Poster Presenter

      Nancy A. Dreyer

      • Global Chief, Sci Affairs; Sr VP, Head, Center for Advanced Evidence Generation
      • IQVIA
        United States

Objectives

Based on 9 years of experience in the US, we offer core lessons learned from building a productive network of health system partners to deliver real-world insights for diverse stakeholders.

Method

Since its inception in 2009, the COMPASS network, a US-based group of integrated delivery health systems with de-identified EMR data, and physician and patient outreach capabilities, has evolved by expanding member institutions with different contract structures and capabilities.

Results

COMPASS was initially developed as a distributed data network that repurposed electronic health records and administrative data to support real-world studies. The concept was derived from a desire to characterize continuity of care to capture a complete understanding of the patient population including healthcare utilization, as well as meaningful exposures (treatments and diagnostics) and clinical outcomes. Key partner characteristics initially included an integrated data warehouse, established IT infrastructure, and research staff available to support data extraction. A standardized query model estimates potential patient subgroups and the availability of data elements of interest as well as a post-hoc common data model to support creation of analytic datasets from multiple sites. As COMPASS evolved, contracts were revised and streamlined to fit institutional and research needs. COMPASS eventually grew to 10 partners across 15 States and was further adapted to support enriched studies, which complement using existing data with customized primary data collection. Enriched studies can also support direct-to-patient, health care provider surveys, and pragmatic studies. Lessons learned through adaptation include clear roles and accountability for engagement with sites and providers and training required to better understand observational and pragmatic trial research at the site level. Indeed, a clear value proposition for partnership, tailored to site interests and capabilities, is another key determinant of success including meaningful research that benefits their patients and provides opportunities for thought leadership recognition.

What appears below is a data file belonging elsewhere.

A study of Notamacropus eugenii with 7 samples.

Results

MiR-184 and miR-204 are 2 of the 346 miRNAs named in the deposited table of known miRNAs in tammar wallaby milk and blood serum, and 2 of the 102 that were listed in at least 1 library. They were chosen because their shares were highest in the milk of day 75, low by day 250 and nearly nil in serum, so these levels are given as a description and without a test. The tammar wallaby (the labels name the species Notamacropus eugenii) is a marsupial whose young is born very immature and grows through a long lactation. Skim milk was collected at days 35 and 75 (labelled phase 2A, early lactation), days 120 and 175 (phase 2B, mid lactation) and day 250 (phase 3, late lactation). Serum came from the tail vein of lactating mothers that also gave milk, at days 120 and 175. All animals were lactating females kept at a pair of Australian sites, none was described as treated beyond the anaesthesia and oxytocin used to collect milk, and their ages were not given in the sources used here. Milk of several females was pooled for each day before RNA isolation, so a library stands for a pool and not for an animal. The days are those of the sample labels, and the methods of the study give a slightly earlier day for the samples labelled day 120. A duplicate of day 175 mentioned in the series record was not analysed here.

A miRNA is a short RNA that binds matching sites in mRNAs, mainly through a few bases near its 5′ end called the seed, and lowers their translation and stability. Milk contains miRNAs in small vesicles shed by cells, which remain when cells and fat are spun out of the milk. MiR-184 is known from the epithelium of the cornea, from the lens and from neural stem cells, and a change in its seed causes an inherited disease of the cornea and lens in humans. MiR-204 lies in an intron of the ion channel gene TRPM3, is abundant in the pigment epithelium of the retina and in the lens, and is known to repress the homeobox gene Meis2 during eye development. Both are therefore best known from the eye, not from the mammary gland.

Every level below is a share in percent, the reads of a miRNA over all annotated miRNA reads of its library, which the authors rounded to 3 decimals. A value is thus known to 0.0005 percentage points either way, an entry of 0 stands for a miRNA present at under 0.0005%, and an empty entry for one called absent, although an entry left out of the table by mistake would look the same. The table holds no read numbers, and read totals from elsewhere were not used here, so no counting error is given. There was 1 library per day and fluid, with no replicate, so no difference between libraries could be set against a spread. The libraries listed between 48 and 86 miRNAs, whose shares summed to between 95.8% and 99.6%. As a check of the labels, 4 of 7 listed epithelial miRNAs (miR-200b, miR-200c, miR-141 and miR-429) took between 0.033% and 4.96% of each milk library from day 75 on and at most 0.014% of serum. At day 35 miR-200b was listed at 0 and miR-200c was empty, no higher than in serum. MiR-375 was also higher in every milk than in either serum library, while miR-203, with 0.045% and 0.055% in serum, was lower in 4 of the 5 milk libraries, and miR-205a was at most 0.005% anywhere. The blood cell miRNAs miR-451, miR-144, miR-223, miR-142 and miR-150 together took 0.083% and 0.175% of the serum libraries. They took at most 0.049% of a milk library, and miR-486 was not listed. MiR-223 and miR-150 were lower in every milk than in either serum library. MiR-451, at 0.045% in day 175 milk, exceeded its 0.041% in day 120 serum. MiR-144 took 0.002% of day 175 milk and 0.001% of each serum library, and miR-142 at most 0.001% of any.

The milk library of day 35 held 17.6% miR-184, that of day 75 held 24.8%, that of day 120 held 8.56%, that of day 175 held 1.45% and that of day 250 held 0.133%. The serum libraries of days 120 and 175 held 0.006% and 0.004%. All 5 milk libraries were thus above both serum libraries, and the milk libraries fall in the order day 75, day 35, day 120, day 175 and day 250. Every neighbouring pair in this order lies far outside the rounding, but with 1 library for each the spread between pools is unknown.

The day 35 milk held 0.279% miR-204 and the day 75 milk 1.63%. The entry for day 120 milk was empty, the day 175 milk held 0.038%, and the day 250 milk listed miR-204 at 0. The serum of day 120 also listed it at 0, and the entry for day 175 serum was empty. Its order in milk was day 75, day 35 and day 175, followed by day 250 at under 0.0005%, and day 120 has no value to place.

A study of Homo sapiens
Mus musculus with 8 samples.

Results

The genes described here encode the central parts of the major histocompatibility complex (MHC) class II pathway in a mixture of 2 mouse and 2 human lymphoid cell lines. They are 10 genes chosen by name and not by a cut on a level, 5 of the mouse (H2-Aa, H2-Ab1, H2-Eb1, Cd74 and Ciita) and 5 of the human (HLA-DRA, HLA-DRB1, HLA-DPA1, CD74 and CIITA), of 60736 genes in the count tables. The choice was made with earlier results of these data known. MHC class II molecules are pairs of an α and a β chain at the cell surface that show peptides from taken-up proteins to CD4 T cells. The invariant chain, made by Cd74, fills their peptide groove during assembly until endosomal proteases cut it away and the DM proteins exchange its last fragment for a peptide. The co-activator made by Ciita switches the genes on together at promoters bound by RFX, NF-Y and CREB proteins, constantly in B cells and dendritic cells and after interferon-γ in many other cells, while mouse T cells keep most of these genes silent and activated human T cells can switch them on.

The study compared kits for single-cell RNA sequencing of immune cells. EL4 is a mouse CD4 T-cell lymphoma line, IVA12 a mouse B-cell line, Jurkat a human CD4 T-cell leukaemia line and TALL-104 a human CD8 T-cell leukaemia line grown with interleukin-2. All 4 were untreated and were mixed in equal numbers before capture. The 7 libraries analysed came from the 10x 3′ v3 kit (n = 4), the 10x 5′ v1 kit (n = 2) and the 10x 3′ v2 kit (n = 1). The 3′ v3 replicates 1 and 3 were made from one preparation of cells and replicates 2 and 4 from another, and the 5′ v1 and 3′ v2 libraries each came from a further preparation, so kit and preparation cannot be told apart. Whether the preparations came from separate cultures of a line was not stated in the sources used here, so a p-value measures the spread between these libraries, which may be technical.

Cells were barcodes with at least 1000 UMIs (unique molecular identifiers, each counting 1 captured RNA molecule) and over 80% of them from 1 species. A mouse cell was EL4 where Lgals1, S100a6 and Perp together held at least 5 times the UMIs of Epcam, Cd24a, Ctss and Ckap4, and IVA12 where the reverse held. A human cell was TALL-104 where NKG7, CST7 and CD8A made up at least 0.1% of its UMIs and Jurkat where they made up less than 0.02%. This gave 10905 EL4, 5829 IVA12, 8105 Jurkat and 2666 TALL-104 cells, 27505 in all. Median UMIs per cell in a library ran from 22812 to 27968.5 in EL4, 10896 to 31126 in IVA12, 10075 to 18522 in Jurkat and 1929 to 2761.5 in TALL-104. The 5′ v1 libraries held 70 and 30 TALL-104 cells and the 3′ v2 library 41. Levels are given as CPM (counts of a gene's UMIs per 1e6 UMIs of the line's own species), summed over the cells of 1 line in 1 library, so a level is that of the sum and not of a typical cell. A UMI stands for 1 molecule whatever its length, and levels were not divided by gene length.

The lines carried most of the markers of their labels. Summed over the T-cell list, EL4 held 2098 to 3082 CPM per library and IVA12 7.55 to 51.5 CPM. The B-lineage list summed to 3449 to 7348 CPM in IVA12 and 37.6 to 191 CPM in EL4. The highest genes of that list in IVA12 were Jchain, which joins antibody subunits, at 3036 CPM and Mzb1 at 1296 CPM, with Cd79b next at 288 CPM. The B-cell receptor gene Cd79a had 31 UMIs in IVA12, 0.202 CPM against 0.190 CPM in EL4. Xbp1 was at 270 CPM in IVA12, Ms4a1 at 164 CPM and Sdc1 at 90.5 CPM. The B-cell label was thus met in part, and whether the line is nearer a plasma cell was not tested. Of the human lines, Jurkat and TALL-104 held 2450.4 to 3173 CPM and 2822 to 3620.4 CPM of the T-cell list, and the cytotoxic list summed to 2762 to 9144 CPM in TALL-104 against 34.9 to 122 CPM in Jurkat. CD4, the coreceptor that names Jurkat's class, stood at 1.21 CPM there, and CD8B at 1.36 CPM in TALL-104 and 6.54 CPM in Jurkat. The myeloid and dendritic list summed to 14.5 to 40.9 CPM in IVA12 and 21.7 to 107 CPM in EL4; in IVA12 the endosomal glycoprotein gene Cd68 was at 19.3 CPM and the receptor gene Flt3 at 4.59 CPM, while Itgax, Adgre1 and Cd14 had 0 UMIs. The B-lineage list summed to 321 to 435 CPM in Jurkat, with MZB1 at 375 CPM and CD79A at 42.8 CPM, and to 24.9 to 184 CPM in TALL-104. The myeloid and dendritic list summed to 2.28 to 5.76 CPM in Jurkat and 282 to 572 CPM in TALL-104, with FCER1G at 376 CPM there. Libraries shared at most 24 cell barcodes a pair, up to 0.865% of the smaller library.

Conclusion

Successful collaboration has been built through shared goals and transparency in the exchange of information, including sharing results that may influence medical care practice. The ability to link to additional data, whether within the health system via a health plan or external claims data from an insurer, adds value for multiple stakeholders, including the partners, by providing a more complete evaluation of patient care to support evidence-based decisions for improving patient care. Establishing efficient pathways for study start-up and operation is critical when partnering with what are often large, complex health systems. Mapping out the key decision-makers and approval process is a helpful step to determine the critical path forward. Establishing an effective and flexible governance structure outlining roles and responsibilities for contracting, IRB approval, site training, clinic and physician recruitment, patient enrollment and primary data capture at both the central and local level is necessary. These processes are likely to differ for each health system and at times by therapeutic area focus, and are best to be conducted in advance of a specific study. Large provider networks must meet evolving needs of research sponsors as well as their own needs and interests. A network developed to support primarily EMR-based studies looks different from a network that aims to conduct prospective studies with primary data collection and study-specified interventions. The balance of seeking information about how treatments work in “everyday” medical care has to be balanced with the sophistication of an institution in terms of provider and patient identification, mechanisms for their recruitment into studies, and a fairly rapid and reliable process for recruitment and data assemble and transfer.